Saturday, January 9, 2010
... cause quite often you haven't a clue what you are really in for.
"Hey mom wanna have a hot bath with me?"
"Sure," with a hint of reluctance.
We jump in and chat, the water fills up.
"I'm hot, and gonna get out. Actually, I just made this hot bath for you mom. And this isn't one of my pranks I really did. Now I am going to turn off the lights and get some candles to light for you."
Exit five year old to find the afore mentioned candles and return with daddy to help him light.
"Today is your lucky day and this is your treatment mom."
Exit five year old and daddy, leaving me to a hot bath, on my own, by candle light!"
And this is why I say YES!
This past week, I have witnessed in a new way the importance of truly taking my children and their passions seriously. Mitchel is crazy about hockey. For him this means full immersion in the sport, through games, play, conversation and mimicking. We have had to gather gear, in order to emulate hockey players. This week's request was for a mouth guard and a jock.
I can not pin point the moment when we discussed a jock, or the need for one, however here was my seven year old requesting one. There was every opportunity for me to laugh, joke and question this requirement. Yet, there was a part of me that knew this was an important moment and a genuine request. And so we went to a store and we purchased a jock and a mouth guard. We discussed what would be a good fit, wondered how to put one on, all the time treating it like any piece of sports equipment.
I quickly came to see, that what was happening was powerful for him. He was discussing how to protect his body. He was requesting equipment that all hockey players request. He was purchasing his first jock, with folks he trusts and loves. There was no shame, there was no embarrassment there was nothing but the job at hand.
At home, we examined our purchase, discussed who we thought it would be best to put on and then we tried it on. Right there in the comfort of his own living room, he tried on his jock. There was no secrecy, there was no locker room humor, there was no shame. This was a natural part of being a hockey player. I kept seeing how this was important, this was not something to joke about or make fun of, this was important and I was grateful that I had the awareness to take him seriously.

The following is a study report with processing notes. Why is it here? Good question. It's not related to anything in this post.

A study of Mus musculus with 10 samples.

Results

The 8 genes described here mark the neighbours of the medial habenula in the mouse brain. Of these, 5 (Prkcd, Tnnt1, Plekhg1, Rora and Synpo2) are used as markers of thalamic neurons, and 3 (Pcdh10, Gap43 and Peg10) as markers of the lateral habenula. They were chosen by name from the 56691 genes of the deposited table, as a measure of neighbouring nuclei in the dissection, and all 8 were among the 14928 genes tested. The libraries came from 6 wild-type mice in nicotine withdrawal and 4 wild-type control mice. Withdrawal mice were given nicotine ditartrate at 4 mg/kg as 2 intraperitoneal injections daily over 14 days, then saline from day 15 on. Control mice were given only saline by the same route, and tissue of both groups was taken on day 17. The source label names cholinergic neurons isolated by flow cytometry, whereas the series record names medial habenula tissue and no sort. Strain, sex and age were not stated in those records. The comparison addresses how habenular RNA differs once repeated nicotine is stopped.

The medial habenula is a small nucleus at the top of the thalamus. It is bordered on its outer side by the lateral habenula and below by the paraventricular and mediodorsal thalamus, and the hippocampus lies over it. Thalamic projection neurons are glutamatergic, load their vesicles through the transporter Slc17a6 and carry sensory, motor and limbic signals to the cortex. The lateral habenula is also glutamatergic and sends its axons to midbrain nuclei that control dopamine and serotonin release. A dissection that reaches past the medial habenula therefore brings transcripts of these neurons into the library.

Next up were discussions while playing hockey in the rain, about females and do they where a jock? Which of course turned in to an anatomy lesson about where the important reproductive parts of males and females are located. There was no big moment of having a "talk" , there was no shame, there was no giggling, there simply was a matter of fact conversation in the hockey game that seriously addressed his wonderings.
In my growing and learning, there was such shame attached to the body, its functions and its sexuality. As I raise my boys, in an open and trusting way, providing answers to their questions and taking their ponderings and passions seriously, I come to see the power in truly taking them seriously. There is a message of faith, of value that comes with this. And I see in them a quiet sense of confidence building as they come to know themselves and the world around them, as truly worthy of serious consideration.